By Joe Lee

As we see portions of our criminal justice system struggling with the question of how to effectively function amid this pandemic, Plumas County Probation Officers are all working diligently to keep the court process rolling in a timely fashion for our clients and our community.

Probation Officers in Plumas County supervise a wide range of caseloads from the Deferred Entry of Judgment and Proposition 36 drug rehabilitation programs, to the DUI, Domestic Violence, and Post Release Community Supervision cases to name a few. Using available technology to communicate with the Courts and Public Defenders to prevent unnecessary delays remains imperative.

In Plumas County, Probation Officers are successfully finding ways to not only hold clients accountable for malfeasance but also to bring a client’s positive progress to light before the Court.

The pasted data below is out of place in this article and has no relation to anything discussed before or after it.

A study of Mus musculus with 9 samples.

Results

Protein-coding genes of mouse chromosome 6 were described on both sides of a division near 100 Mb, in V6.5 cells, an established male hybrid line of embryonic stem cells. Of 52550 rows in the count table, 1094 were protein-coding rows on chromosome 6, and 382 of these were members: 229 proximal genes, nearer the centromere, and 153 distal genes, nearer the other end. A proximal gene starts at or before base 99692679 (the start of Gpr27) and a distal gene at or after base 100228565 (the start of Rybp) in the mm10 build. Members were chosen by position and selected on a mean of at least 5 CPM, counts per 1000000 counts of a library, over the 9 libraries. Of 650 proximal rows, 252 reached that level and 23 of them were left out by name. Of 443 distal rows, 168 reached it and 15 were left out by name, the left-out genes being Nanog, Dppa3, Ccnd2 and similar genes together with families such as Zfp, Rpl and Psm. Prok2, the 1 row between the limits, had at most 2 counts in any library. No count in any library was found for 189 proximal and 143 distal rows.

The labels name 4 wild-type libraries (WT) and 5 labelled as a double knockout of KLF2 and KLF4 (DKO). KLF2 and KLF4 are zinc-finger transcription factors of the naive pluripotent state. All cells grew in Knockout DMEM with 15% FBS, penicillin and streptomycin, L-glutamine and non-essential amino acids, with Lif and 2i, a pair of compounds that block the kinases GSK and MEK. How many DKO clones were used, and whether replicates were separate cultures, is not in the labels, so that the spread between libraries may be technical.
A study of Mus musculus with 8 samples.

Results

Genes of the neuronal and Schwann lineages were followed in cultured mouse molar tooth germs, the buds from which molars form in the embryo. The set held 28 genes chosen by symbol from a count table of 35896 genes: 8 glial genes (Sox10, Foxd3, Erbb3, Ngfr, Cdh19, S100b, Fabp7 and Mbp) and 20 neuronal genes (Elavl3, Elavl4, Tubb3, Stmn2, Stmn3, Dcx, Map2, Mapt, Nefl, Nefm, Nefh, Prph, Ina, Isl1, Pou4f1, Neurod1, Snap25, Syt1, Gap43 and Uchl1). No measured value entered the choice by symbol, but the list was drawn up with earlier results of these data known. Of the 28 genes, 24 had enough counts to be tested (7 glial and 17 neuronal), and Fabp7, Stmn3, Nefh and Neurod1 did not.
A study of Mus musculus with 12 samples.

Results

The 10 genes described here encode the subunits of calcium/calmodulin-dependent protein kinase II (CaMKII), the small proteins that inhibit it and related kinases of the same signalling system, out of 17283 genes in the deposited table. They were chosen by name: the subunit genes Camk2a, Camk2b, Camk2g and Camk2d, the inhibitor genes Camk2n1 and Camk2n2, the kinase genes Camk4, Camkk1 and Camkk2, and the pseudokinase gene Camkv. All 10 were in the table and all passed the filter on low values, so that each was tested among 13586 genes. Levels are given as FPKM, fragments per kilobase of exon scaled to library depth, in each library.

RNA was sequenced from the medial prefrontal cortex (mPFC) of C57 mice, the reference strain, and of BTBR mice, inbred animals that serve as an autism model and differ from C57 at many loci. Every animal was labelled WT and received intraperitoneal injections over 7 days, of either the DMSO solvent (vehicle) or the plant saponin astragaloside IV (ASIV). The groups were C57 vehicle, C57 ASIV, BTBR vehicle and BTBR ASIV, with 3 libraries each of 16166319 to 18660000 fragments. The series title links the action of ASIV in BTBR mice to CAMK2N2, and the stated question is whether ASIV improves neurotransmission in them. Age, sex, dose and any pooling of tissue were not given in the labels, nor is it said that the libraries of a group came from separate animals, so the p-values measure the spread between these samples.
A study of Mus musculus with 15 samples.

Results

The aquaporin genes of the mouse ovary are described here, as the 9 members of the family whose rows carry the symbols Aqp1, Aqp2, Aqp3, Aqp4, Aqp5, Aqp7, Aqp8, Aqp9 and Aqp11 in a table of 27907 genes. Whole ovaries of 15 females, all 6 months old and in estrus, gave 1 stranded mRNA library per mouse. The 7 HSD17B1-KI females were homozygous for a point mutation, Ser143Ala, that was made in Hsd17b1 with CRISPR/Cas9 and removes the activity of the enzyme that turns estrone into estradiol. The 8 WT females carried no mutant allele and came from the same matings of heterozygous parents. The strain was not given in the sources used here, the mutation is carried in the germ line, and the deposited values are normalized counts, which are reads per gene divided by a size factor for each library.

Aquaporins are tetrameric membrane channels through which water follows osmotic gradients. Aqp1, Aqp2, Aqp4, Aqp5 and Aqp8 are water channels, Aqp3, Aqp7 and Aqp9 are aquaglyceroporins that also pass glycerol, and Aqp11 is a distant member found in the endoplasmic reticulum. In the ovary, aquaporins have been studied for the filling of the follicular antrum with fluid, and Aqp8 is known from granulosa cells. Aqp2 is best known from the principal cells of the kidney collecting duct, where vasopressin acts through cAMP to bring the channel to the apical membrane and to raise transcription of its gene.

Deputy Probation Officer Cydney Piper, who has been with Plumas County for over four years, supervises the County’s DEJ and Prop 36 caseloads and knows the importance of this communication. Officer Piper stated, “Knowing that the Court is being informed of their achievements and being recognized by a Judge is a key component to encourage clients to continue down a sober path.”

Officer Piper has not let the COVID-19 and social distancing orders stop the positive progress her clients have made and has continued to submit progress reports to the Court, which has led to seven of her clients graduating from their program successfully and on time.